Daniel Negreanu recently told me, “Phil, I was absolutely embarrassed for you as I watched you play no-limit hold’em last week in the PPT (Professional Poker Tour) tournament. I think you’re too focused on all of the great business opportunities you have right now.” Um … OK, Daniel. It was a bit harsh, but I took it in the spirit it was intended. (“Phil — pull your head out and start playing no-limit hold’em the way you know how to play.”)
Speaking of playing some great poker, Daniel had a year for the record books. I will tell you a lot more about that when I finally get around to writing my “Champion of the Year” award column, in which I’ll announce that Daniel won the award and absolutely dominated poker’s biggest events in 2004. By the way, he also started 2005 very well with third-place finishes in the World Poker Tour event at the Jack Binion World Poker Open and the Professional Bola88 Poker Tour (PPT) event at the L.A. Poker Classic.
In any case, let’s take a closer look at my “embarrassing” play in the PPT event at the L.A. Poker Classic. The first hand I played, I raised to $1,400 to go with the Ahearts Qhearts from late position and was called by an amateur. After a flop of Aspades Jspades 4hearts, I checked, my opponent bet out $1,500, and I raised, making it $6,000 to go. My opponent called me fairly quickly.
The turn card was the 5spades. I checked again. On the flop, I felt that my opponent had a flush draw. Now, after I checked, he checked as quickly as I’ve ever seen anyone check. He nearly checked out of turn, before I had checked. What a tell! Now, I knew he had made a flush, right? I wish …
The river was the 8clubs, and I decided to bet out $4,000. Of course, if my opponent raised me here, I would have a very easy laydown. And he did just that, moving all in for another $8,100. It was bad enough that I had bet $4,000, so there was no way that I would “call off” another $8,100, an amount that would really hurt my chip standing and nearly cripple me. But suddenly, I called (my opponent had the Kspades Qspades — the nut flush). I guess I’m beginning to see what Daniel was talking about!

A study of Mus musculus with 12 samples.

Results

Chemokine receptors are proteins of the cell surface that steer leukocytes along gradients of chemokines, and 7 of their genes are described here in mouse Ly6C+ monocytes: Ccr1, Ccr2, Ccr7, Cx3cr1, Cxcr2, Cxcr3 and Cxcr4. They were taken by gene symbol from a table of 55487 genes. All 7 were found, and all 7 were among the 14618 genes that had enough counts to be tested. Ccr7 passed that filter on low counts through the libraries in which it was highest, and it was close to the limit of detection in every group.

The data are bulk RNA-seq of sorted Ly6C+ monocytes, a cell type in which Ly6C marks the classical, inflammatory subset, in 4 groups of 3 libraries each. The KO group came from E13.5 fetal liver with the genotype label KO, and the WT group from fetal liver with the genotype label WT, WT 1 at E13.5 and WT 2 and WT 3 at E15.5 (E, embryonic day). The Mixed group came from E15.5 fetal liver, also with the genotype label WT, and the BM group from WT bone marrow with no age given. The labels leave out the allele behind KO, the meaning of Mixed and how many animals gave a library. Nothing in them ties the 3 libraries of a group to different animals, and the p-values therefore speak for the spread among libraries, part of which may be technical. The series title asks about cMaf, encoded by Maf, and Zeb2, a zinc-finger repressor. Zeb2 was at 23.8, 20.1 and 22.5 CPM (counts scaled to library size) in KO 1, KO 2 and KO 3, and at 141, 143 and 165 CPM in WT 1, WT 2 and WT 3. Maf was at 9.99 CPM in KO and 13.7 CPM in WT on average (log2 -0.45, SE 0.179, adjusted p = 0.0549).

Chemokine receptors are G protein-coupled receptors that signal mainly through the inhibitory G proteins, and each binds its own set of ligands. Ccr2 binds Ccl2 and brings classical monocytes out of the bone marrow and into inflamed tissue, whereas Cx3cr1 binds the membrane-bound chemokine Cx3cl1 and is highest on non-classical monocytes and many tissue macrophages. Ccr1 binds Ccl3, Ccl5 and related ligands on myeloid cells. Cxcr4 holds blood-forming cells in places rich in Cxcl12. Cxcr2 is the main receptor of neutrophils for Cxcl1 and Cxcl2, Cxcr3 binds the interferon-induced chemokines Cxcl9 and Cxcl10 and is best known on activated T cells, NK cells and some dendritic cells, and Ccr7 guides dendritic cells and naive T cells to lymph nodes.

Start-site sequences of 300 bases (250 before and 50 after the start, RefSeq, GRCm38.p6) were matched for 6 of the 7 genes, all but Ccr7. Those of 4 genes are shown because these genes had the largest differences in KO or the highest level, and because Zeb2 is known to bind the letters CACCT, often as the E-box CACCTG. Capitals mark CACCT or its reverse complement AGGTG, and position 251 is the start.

Next up, about 20 minutes later, I made it $1,400 to go with the Adiamonds Qdiamonds. I was called by Phi Nyguen, who is an excellent no-limit hold’em player. He and I have made it far together in many no-limit hold’em events over the last few years. The flop came down K-Q-9, I checked, and Phi checked.
Now, a 3 came off, and I bet out $2,100. Phi called, but I sensed that he had hit a set of threes — as he looked like he wanted to raise. A deuce came off on the river and I bet out a “defensive” $2,100. There was no way I could call any raise from Phi in this situation, right? (Sound familiar?) I had sensed he was strong on the previous round of betting, and I bet out to make sure I showed him I had something; my betting pattern had shown some strength.
Phi raised me $4,000, and for some strange reason I disregarded everything I had sensed and called him. He showed me the Jdiamonds 10diamonds; he had flopped a straight. At this point, I began to berate myself out loud; I don’t berate just my opponents! I said, “Phil, what are you thinking? You called off at least $16,000 in chips. You never would have called in these situations in the past. Stop playing like someone else, and start playing your game!”
Next up, while I was complaining about Phi calling my raise with the Jdiamonds 10diamonds, I raised to $1,400 with the Kdiamonds Jdiamonds. This time, Tom McEvoy called me with the 9spades 8spades, and the flop came down Khearts 8diamonds 6diamonds. I checked my top pair and flush draw to Tom, who sized me up and decided to bet my last $4,100. I called him instantly, and the 10diamonds came off on the turn to end that pot.
The very next hand, I picked up K-K and just called $400. Tom made it $1,600 to go, everyone else folded, and I moved all in. Tom beat me into the pot with his A-A, but at least he had only $4,000 or so. After all of the boardcards were dealt faceup and Tom was reaching to collect the pot, he said, “Now, that’s justice.” I thought to myself, “What? A-A over K-K is as unlucky as it gets; how is that justice? Was it justice because his 9-8 didn’t outdraw me in the last hand when I was a huge favorite all the way?”
In any case, I really do love Tom McEvoy, and for this reason his comment didn’t bother me too much; I know that he didn’t mean anything by it. However, if someone else had said that, I would have told the other pros to watch out for the guy and his bad etiquette. Tom is absolutely a first-class guy all the way (even if he did bust me out about an hour later).
How did Tom bust me? I moved all in for $6,000 with the Khearts 7hearts, and he called me with the Kspades Qspades. Daniel was right, as I’m embarrassed just writing this column about my PPT play!